VictorEric Premium Homes was approached to build a French Chateau-style family home on a prominent corner lot in Vancouver’s Westside neighbourhood. The clients were generally interested in high performance and green technology, and once the benefits of Passive House were discussed, they agreed to set this objective.
The gracious five-bedroom home was designed and sited so as to take full advantage of the corner lot’s available views and solar gain. The front door, and much of the glazing, faces north toward the quieter side street. Large windows on the west façade overlook the city skyline beyond. As west-facing windows can contribute to overheating challenges in summer, VictorEric negotiated with the Vancouver parks department to plant additional deciduous trees along the boulevard for shading.
A generous roof deck captures views of both the downtown area and the mountains to the north, thanks in part to city incentives for constructing to meet Passive House targets that allowed the home to be almost 1 metre taller than a code-built house. The deck lies behind nonfunctional dormers that contribute to the home’s French Chateau look. Creating a well-articulated, and yet very high-performing, house was challenging.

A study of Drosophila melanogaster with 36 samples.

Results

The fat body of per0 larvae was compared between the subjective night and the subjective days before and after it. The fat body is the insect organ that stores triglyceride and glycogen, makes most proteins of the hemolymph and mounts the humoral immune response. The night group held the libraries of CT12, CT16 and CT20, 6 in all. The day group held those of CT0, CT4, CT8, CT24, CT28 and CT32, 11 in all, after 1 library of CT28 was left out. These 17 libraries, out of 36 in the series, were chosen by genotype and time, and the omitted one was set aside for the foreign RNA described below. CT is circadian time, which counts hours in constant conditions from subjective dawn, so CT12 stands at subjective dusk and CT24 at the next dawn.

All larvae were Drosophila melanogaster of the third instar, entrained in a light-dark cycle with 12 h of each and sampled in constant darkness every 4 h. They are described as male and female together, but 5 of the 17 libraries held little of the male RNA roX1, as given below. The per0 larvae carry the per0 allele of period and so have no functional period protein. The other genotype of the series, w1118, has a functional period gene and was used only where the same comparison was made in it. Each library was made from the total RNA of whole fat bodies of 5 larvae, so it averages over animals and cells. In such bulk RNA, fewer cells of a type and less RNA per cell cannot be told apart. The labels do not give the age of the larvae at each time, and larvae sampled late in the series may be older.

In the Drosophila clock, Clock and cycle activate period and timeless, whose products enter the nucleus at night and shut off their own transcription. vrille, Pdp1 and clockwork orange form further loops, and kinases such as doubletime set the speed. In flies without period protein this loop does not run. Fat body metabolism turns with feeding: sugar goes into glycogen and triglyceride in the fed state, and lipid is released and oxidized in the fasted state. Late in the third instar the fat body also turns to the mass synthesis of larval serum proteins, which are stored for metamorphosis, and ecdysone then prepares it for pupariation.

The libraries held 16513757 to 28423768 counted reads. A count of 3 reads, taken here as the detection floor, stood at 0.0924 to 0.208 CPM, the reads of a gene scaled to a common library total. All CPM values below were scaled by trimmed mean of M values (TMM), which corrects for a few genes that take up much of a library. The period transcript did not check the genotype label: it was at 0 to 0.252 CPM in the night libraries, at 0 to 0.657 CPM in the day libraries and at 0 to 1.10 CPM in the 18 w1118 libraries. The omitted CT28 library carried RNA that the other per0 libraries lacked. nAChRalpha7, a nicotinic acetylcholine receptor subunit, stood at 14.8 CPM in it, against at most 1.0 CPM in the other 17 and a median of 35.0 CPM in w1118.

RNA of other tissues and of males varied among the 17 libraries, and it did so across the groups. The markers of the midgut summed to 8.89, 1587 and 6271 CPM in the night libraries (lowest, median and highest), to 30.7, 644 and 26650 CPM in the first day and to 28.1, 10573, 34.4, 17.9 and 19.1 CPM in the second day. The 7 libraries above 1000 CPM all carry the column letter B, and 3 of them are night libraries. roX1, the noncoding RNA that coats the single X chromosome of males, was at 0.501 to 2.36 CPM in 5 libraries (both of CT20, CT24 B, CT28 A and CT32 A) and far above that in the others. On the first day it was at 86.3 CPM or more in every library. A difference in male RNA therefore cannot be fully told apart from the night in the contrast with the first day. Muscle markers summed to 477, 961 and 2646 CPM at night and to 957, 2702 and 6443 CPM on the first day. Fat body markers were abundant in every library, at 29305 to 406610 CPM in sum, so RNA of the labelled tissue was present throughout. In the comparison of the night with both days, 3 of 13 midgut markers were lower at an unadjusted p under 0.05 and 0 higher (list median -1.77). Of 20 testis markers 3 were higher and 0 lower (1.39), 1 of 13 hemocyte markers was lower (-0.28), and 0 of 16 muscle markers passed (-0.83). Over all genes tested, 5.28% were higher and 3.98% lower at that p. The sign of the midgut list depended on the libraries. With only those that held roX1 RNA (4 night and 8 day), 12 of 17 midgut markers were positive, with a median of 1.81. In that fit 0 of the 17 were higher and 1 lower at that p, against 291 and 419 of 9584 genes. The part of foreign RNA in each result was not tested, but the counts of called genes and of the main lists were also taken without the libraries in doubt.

“This house has more changes in its surface plane than an average Passive House,” notes Eric Lee, owner of VictorEric. “To meet this challenge, a very rigorous discipline of insulation selection, thermal bridge detailing, and air barrier strategy was required.”
The entire foundation is wrapped with rigid insulation, including 30.5 cm of EPS under the footings and slab and up the foundation walls. The basement was built using ICFs, with an additional 15 cm of XPS foam on the exterior. A basement workshop and recreation room has the potential to be converted into a two-bedroom rental suite.
The roof assemblies had specific challenges to meet the combined aesthetic goals and Passive House requirements. The main roof was built first, and the dormers, which were designed as cold roofs, were constructed afterward. The sloped roof has 25 cm of insulation: a combination of 10 cm of mineral wool and 15 cm of foam board insulation. The flat roofs are similarly insulated, with the addition of fiberglass batt insulation in the cavity.
The above-grade walls are wood-frame 2 x 6 construction with 23 cm of mineral wool batt insulation. The transition from the walls to the roof deck required some careful air sealing, as did several other jogs in this unboxy home. However, meticulousness paid off, with the final blower door test coming in at a remarkable 0.13 ACH50.